It wasn't until Harvard Business School professor Leslie Perlow approached us with an interesting proposal eight years ago that we really grasped what was driving top talent away -- and began a radical experiment to improve our work-life balance.
Sure, I put away my own cellphone while leading the sessions, but did I really buy into the concept of being off the grid for more than a few hours at a time? Recently, I was put to the test.
By structuring your work day so that you are clocking in and out, you are opening yourself up to a more productive lifestyle and, ultimately, more free time to spend the way you wish.
Hi, my name is Kelley, and I'm a social media addict. Have you ever felt this way? Unplugging wasn't easy at first, but these five tips helped me get there.
I gave myself an "A" for having gotten really good at working really hard. And then took the weekend off. Do you want to know the coolest thing? My work was still patiently waiting for me this morning when I came back to it!
Is this how we're going to remember our lives? Instead of enjoying concerts that we paid big bucks for, we're spending the time looking through the tiny screens of our phones to capture blurry photographs that we'll later slap a Hefe filter on.
Life is more than surviving drama and guarding against the latest virus invading our personal domain of what innocence is left. Life is about nurturing, bringing our unique talent, our gifts into the world.
If there is a narcissist in your workplace, the costs and benefits may need to be teased out. This process may need to take place as people and projects realign.
When I go for walks outside or a drive in the mountains, I almost always return with new ideas, divine downloads in the form of blogs, poetry and talks, and inspiration to create something amazing.
The fact that we are surrounded by high speed everything -- living, eating, driving, breathing and of course technology -- is taking its toll on our sense of inner peace. Perhaps we can't change our entire life, but we can certainly make small steps towards healthy choices that in fact will make us happier.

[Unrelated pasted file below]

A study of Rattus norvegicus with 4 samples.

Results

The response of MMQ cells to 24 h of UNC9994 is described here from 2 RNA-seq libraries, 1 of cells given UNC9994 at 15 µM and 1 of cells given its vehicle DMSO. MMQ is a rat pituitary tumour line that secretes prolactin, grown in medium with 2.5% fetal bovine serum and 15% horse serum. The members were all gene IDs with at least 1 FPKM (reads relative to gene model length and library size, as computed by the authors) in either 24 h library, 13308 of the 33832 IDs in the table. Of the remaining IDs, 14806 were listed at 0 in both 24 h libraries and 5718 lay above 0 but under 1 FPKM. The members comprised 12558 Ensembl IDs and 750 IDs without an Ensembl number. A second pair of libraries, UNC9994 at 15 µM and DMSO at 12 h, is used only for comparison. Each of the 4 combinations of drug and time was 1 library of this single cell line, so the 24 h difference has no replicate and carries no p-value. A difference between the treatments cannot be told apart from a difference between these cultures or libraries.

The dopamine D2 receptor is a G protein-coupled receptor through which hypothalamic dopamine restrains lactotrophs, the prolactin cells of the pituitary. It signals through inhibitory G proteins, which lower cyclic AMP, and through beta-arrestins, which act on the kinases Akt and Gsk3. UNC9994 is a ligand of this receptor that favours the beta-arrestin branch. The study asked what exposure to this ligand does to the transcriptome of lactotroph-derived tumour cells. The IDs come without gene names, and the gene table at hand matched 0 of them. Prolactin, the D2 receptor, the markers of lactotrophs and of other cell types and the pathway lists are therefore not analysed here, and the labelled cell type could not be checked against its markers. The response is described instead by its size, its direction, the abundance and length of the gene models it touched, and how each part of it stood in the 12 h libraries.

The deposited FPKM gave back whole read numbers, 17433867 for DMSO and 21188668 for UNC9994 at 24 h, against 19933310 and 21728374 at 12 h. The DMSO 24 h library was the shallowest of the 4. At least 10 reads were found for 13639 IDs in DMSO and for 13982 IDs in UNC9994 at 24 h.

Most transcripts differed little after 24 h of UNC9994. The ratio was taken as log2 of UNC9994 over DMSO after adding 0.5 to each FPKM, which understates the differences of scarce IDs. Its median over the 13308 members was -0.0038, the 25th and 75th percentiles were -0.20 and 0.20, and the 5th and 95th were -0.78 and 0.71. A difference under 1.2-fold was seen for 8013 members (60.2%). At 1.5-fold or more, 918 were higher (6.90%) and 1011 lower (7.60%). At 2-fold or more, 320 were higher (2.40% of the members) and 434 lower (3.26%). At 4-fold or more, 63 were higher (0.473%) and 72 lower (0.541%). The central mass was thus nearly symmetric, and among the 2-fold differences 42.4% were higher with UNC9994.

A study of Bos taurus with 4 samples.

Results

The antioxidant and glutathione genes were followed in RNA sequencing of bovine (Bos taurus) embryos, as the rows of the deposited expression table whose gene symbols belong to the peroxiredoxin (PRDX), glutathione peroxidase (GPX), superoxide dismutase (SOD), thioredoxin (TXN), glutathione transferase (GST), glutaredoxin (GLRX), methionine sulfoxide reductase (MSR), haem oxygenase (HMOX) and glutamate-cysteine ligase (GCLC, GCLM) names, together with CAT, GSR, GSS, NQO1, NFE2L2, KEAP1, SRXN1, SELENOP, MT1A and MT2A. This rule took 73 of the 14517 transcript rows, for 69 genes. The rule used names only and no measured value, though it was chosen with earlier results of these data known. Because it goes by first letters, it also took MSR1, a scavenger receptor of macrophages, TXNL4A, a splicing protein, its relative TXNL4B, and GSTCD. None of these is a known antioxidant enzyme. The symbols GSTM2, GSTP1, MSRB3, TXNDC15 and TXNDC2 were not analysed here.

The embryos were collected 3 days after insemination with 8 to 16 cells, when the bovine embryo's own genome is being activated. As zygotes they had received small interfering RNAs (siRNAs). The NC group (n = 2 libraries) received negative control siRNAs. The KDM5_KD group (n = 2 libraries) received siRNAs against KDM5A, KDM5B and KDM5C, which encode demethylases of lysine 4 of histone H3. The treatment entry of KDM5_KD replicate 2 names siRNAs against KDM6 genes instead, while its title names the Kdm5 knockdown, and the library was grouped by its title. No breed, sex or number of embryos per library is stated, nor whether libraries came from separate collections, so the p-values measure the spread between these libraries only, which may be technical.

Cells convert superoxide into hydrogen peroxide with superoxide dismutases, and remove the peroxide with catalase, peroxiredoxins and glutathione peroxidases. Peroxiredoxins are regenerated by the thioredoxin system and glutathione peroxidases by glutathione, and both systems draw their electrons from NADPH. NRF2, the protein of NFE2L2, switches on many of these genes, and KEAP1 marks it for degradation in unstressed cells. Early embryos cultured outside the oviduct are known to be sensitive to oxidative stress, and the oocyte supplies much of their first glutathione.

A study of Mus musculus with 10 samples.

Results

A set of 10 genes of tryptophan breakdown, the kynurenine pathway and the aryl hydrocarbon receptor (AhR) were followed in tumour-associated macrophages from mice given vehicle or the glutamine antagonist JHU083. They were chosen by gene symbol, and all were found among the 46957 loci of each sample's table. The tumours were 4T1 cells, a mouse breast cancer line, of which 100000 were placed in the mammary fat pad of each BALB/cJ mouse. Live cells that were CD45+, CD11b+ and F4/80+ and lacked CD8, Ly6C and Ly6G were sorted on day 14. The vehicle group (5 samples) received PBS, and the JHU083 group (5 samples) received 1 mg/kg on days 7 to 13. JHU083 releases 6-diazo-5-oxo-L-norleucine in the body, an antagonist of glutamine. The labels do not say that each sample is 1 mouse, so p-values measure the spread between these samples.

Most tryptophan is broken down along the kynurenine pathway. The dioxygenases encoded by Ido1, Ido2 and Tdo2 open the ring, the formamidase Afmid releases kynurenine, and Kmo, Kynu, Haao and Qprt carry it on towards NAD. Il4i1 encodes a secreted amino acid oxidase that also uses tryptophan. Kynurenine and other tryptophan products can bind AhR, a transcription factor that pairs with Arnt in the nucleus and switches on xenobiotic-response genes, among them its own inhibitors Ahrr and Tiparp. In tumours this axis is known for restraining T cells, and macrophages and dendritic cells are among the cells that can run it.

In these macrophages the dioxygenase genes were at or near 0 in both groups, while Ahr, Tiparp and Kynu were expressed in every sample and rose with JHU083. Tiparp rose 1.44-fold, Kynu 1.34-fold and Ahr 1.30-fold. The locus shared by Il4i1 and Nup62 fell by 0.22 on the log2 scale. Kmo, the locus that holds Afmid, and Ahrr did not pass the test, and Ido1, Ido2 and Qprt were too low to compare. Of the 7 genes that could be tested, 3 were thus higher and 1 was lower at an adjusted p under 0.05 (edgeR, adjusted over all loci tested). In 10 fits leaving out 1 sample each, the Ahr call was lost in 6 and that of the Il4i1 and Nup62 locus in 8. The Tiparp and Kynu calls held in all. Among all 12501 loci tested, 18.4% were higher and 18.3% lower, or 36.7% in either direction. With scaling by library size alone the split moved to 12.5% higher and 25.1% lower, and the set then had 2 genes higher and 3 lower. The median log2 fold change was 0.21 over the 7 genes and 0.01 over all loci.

Our goal is to make our nervous systems more resilient by inducing more positive emotions throughout each day. With that in mind, here are 10 suggestions for your personal Happy List.
Once I drop my 4-year-old daughter off at preschool and return home, I've started to put my phone back in the master bedroom from 9 a.m. to 12 p.m. This enables me to fully be present with my toddler.
To be honest, it was never my intention to be so off the grid for so long but I found myself becoming so refueled and enjoying life so much that it just turned out that way.
Even as my kids have grown older, I protect this sacred "set apart" time, these rituals with them. It nourishes us all. And the sacrifices are worth it.
Where many of your peers find success is through their unbending unwillingness to let the word no become a setback.
The corporate world -- as part of orientation 101 -- needs to ensure that young employees understand that building an amazing career will only worth if they are healthy -- and with a good heart --- to enjoy it!
Yes, you've read this title correctly and yes, you're still in the 'Post 50' column in HuffPost. Bullying isn't just for kids. Although we have no estimates on its prevalence in the adult population, we do know that being teased or poked fun at by co-workers, family members, neighbors, or acquaintances is a highly stressful experience.
Much like reading books, paying attention in class is a critical piece of academic success and an area ripe for student incentives. Why not reward students for their attention, with the smartphone as a measurement tool?
Before I head out the door to go anywhere I usually make sure I have the Holy Trinity in my possession: Cell phone, wallet, lip gloss. Last night, I failed to do my check and it wasn't until I was on the subway that I realized the error of my ways.